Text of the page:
Portfolio Manager, Peter Brooke, shares his latest Macro Perspectives, comparing the game of Poker with investing, when it comes to the art of skilled decision-making.
Good day. I'm Peter Brooke, a Portfolio Manager at the Old Mutual Investment Group. And this is Macro Perspective 41 of 2022. There was no Macro Perspective 40 last week, because I was on holiday, where I read a fantastic book called Thinking in Bets. It was written by Annie Duke, a professional poker player. And there's a wealth of input on how to make smarter decisions, which is what we try to do in managing our clients' money.
Peter Brooke 00:25
One of the things that she focused on which I particularly liked was the difference between poker and chess. She sees chess as basically a game of maths where a computer can solve how to win, whereas poker has the additional messy element of human beings, meaning it is a mixture of art and science. I definitely think this is true of markets, which is why we have a two dimensional philosophy of theme and price, bringing the science of valuation into the price component, and the art of what is driving the investment into the themes.
Peter Brooke 00:57
One of the other points that she emphasised is the large role of luck in poker. A professional poker player must separate the role of luck and the role of skill, why they won or lost the hand. If you only focus on the result, you lose the ability to improve. And this is also true of fund managers, as we continually make decisions with imperfect knowledge. Therefore, we cannot just look at the outcome, but must focus on the process that drove the outcome. Winning comes from improving what we can control and not stressing about what we can't. And the same holds true for clients. They can control the amount that they save, the time that they invest for, and how much they draw down. These are the key controllable variables. They cannot control the markets, which is the luck element.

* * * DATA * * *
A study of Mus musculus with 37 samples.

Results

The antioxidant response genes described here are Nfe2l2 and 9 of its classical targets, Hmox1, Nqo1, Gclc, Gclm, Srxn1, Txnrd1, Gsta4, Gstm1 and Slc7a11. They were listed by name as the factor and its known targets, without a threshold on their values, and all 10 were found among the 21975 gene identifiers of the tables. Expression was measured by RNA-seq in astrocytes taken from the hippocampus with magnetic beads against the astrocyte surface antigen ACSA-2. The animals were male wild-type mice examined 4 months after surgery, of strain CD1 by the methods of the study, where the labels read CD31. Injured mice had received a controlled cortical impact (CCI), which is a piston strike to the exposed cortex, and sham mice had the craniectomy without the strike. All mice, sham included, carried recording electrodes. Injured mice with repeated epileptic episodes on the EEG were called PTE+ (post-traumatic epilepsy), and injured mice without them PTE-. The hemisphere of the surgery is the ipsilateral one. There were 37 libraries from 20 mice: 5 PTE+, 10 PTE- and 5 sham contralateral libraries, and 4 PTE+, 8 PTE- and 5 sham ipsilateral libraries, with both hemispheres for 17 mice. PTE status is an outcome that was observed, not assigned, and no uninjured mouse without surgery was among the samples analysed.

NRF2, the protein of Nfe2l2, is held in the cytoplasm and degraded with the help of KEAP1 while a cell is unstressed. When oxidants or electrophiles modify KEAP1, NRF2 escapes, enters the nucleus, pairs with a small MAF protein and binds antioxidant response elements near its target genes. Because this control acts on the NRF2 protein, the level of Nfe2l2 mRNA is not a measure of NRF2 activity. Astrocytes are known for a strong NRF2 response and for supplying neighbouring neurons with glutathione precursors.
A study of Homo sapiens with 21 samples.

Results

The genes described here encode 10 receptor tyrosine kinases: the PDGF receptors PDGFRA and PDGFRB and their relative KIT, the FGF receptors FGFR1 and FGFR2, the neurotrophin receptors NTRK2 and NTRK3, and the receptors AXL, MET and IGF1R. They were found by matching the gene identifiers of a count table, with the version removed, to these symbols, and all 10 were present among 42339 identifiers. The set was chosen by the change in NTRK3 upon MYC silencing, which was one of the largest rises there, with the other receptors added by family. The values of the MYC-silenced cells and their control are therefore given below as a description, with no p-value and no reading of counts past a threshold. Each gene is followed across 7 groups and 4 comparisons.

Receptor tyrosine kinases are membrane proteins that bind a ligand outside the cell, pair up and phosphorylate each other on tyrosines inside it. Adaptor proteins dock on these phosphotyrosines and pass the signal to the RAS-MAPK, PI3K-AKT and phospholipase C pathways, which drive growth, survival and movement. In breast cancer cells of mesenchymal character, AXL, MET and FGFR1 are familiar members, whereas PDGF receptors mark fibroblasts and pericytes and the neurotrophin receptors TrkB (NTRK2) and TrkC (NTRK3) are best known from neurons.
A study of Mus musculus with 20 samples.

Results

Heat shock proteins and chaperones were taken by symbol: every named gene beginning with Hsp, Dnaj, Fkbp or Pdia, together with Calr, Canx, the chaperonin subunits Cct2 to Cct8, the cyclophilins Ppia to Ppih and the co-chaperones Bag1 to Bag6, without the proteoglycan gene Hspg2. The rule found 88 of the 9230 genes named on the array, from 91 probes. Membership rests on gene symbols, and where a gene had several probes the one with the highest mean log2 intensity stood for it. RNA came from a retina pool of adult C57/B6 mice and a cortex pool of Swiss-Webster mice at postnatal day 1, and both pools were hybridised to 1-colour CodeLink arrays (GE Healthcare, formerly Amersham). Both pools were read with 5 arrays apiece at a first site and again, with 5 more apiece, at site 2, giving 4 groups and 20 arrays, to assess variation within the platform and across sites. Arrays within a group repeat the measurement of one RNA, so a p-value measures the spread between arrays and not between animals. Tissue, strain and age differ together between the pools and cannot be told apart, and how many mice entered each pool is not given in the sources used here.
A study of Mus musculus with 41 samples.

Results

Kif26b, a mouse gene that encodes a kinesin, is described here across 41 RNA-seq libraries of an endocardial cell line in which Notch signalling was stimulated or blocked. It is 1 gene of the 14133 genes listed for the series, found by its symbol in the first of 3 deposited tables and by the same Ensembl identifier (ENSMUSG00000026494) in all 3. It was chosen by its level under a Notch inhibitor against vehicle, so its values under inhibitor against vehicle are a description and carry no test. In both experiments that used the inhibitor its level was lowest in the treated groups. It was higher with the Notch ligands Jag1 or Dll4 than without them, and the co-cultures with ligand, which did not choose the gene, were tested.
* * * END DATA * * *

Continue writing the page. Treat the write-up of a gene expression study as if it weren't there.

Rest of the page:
Peter Brooke 01:47
Another key message of the book is that poker players have to control their emotions, especially when they are losing. Making big decisions while stressed is a losing strategy. And once again, this is true in savings. Hence the repeated call by financial advisers to keep calm and stick to the plan. In our team at MacroSolutions, we hate the word bet. And if you use it in a meeting, you have to buy coffee for the team. This is because we invest our clients' money and are not playing a game. However, this book, using the skills from a game, creates a whole lot of lessons on how to think and make better decisions, which we can all use no matter our role.
I hope you enjoyed what was a slightly different macro perspective. Until next week.